Social Security Disability >> I received a Notice of Decision – Partially Favorable. What does that mean?
There are two types of partially favorable decisions. One is for a closed period of disability. The other is for an alternative disability onset date.
A closed period of disability means the Administrative Law Judge finds that you are disabled for only a certain period of time. You will be paid benefits for this period, but you will not receive any ongoing benefits.
A closed period is beneficial for claimants whose conditions have medically improved to resume working. A Judge may also award a claimant benefits for a closed period of disability if something in their medical evidence refers to medical improvement.
An alternate onset partially favorable decision indicates the Administrative Law Judge does find you disabled but does not think you were disabled as early as you originally alleged. The onset date of your disability will be related to evidence or fact(s) in your record, for example: when you stopped working, were diagnosed with a condition, or received medical treatment.
In both cases after the decision is issued, the next step is the payment process. It takes up to 120 days from the date of the decision to receive the Notice of Award. The Notice of Award describes what backpay you will receive, as well as the attorney’s fees that your attorney is authorized to receive for his work on you case. It may take up to 90 days from the date of the award letter to receive your backpay. In the case of an alternate onset date decision, the Notice of Award will also indicate what your monthly ongoing benefits will be and when you can expect to receive them.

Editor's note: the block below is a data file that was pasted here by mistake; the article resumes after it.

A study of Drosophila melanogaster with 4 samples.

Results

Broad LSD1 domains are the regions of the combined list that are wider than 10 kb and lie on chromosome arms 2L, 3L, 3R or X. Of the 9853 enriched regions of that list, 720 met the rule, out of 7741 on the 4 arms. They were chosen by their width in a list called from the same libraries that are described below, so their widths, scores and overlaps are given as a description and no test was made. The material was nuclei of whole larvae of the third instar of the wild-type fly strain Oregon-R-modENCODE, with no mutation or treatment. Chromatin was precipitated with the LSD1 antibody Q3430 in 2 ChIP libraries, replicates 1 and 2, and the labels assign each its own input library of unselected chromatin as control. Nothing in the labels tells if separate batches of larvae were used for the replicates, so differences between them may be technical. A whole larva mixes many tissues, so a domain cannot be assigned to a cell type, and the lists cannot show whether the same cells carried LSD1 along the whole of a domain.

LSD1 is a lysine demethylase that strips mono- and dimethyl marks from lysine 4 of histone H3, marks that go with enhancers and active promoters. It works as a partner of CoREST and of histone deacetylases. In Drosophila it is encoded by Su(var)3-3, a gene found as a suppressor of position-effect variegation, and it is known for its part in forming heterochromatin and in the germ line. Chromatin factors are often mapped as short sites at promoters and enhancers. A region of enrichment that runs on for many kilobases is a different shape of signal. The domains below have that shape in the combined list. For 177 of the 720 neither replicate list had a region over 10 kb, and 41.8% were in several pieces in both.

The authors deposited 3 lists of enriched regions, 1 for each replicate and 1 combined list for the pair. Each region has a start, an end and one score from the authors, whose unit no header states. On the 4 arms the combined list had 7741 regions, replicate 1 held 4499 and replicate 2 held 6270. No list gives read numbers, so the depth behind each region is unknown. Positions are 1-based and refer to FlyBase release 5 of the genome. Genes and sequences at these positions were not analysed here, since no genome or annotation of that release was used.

If you are awarded for a closed period or alternate onset date and disagree with the decision, you do have the option to appeal; but there are some risks. Appeals go to the SSA Appeals Council. The Appeals Council could rule in your favor, but they can also put the whole issue of disability back on the table and potentially reverse the Administrative Law Judge’s favorable decision. At Greeman Toomey, we typically do not file appeals of these decisions or recommend that our client’s appeal.
If you are awarded a closed period of disability and believe that you are still disabled, it may be in your best interest to forgo the appeal and instead file a new claim. If you choose not to appeal the Administrative Law Judge’s decision, it will be finalized. As a result, when you file a new claim there will be no risk of Social Security reversing the prior decision.
If you have received a Notice of Decision – Partially Favorable and have any questions, please do not act until you contact our office at (612) 332-3252.